Wolfgang Van Halen has shared the latest single from Mammoth WVH’s upcoming album, Mammoth II, titled Take a Bow – notable for being the longest song he’s recorded so far, with some very special gear choices.
Namely, Take a Bow was put together with the help of Eddie Van Halen’s legendary Frankenstein electric guitar, as well as one of the original Marshall amp head and cab combos that informed the sound of Van Halen’s early years.
It’s a song that Mammoth WVH fans have been patiently waiting for ever since the band’s leader revealed such historic equipment would have a cameo on Mammoth II during a conversation with Guitar Interactive earlier this year.
Brought out of the Van Halen gear vault for the track’s solo, the Frankenstein is wielded impeccably by its custodian for Take a Bow’s guitar solo, which crops up around the halfway mark during the seven-minute song.
Remarkably, its presence can not only be heard but felt. A handful of wailing bends announces its arrival, before some lithe pentatonic licks lure listeners in for the main fretboard firework show.
As you’d expect, Wolfgang further channels the tones and techniques of his late father by rifling through two-hand tapping licks aplenty, each passage increasing in urgency and technicality as the solo speeds along.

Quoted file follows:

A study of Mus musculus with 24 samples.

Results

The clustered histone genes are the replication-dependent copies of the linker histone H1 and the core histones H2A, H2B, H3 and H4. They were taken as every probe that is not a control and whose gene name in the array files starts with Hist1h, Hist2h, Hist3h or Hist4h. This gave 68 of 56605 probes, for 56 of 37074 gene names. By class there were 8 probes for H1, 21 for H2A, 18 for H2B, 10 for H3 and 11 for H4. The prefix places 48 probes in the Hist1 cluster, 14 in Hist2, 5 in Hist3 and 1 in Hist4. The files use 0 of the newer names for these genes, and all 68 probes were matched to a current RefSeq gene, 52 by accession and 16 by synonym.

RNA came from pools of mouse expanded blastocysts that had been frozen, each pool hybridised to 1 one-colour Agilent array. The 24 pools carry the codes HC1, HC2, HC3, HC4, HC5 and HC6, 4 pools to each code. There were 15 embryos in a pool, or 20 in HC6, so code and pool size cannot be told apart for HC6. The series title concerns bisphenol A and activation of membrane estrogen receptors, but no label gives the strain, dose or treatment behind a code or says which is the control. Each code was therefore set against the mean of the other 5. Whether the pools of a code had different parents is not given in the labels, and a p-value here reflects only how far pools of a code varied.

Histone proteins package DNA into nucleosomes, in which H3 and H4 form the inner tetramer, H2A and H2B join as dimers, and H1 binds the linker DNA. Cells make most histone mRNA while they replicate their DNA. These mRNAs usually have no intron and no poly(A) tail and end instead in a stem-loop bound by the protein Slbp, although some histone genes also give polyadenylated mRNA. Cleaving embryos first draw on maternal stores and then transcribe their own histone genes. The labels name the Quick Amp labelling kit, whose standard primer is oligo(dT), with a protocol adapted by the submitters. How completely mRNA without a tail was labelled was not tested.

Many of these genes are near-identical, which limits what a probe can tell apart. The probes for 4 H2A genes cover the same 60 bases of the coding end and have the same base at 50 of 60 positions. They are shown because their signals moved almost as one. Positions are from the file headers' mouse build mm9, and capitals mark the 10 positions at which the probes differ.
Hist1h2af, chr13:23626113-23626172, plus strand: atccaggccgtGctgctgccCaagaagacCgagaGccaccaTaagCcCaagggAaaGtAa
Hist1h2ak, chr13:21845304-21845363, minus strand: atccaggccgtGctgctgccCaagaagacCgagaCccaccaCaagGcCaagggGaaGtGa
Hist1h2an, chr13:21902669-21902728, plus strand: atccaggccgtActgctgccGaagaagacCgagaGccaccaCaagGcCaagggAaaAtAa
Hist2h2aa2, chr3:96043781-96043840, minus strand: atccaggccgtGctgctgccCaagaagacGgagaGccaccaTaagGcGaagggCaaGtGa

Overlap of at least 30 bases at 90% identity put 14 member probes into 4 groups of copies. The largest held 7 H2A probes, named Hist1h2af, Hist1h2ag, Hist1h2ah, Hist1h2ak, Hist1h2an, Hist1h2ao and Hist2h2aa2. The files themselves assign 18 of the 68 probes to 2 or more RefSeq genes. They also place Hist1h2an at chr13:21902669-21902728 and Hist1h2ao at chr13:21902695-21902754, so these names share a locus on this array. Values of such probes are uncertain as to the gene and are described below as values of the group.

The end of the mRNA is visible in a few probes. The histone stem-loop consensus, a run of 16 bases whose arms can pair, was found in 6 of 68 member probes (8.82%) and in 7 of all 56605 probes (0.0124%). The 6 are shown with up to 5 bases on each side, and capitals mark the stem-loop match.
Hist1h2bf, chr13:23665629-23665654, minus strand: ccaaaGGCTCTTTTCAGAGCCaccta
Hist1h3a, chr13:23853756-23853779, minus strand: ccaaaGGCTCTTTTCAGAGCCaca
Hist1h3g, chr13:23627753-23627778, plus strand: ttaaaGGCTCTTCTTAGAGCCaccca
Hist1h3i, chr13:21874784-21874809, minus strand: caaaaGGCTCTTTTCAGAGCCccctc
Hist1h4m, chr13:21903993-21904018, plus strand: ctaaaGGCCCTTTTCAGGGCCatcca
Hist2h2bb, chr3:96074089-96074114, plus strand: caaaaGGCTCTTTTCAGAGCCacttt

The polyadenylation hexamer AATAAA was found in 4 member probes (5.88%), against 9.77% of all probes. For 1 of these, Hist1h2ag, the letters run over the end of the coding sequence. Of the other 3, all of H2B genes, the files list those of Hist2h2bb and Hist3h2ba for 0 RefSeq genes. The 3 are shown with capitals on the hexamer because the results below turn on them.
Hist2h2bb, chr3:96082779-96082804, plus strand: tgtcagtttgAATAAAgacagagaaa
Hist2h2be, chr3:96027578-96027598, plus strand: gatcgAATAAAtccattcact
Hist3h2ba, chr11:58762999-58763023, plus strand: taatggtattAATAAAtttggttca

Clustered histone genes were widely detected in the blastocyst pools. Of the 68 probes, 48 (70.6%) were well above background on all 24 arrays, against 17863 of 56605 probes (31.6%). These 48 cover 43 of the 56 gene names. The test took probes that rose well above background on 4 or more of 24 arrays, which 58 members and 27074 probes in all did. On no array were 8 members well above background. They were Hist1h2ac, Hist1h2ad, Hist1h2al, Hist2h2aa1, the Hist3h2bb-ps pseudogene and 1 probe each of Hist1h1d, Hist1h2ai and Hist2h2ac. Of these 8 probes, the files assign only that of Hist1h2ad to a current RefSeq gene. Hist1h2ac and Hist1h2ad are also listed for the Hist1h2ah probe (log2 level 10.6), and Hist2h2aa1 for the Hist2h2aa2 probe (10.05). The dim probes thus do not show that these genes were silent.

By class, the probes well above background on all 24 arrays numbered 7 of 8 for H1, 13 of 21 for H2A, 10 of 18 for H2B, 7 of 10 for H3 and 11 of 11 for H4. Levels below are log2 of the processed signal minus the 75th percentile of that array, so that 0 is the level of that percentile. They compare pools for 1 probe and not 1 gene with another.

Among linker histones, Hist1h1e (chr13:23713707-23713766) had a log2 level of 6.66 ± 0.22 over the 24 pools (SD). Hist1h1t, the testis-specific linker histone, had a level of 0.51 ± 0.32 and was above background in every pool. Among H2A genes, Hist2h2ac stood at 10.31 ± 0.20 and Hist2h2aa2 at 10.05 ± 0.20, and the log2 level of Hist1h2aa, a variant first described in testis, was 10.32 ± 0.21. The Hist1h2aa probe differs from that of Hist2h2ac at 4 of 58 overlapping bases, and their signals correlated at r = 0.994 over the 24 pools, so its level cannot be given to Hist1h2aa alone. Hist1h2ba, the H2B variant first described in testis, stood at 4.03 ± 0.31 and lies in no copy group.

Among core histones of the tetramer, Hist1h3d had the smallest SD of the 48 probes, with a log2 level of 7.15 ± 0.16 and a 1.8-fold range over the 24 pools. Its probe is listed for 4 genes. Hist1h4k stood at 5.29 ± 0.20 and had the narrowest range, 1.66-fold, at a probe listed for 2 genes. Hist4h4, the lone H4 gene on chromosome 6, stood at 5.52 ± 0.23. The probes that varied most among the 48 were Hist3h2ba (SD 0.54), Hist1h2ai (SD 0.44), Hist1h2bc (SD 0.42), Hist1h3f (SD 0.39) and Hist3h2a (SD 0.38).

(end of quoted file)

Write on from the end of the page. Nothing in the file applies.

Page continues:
Understandably, Van Halen said he felt the solo turned out “really special”, and said it made him happy to “capture some of dad’s history on this song forever”.
“It was the last song we finished. It’s officially the longest song I’ve released to date, and I feel the guitar solo is really special,” he said of Take a Bow. “I played the solo on the original Frankenstein guitar and through Dad’s original Marshall head and one of the original cabinets.
“It’s straight up what he used on the earliest Van Halen records. It makes me happy to capture some of Dad’s history on this song forever.”
During his previous conversation with Guitar Interactive, Van Halen spoke of Take a Bow beyond the spotlight-stealing gear choices, describing the song as an “evolution”.
“That moment when I came up with it was like, ‘Okay, this is one of those evolutions,’” he reflected. “This was not on the first album, and this is a new side of myself that I think you start to unravel and see as time goes on.
“That’s a really special moment. I think it’s one of the more special things I’ve recorded with Mammoth. I’m very excited for people to hear it.”
On the gear front, it’s not the first time the Frankenstein has been used on a Mammoth WVH track – Wolfgang also recruited his father’s Holy Grail guitar for his first studio album – nor will it be the only guest gear to cameo on Mammoth II.
While documenting the album’s recording process, Wolfgang also shared pictures of the other guitars that would be making it on to the tracklist. That collection includes the radically modified Gibson SG from Dirty Movies and a Veilette Citron Shark baritone guitar.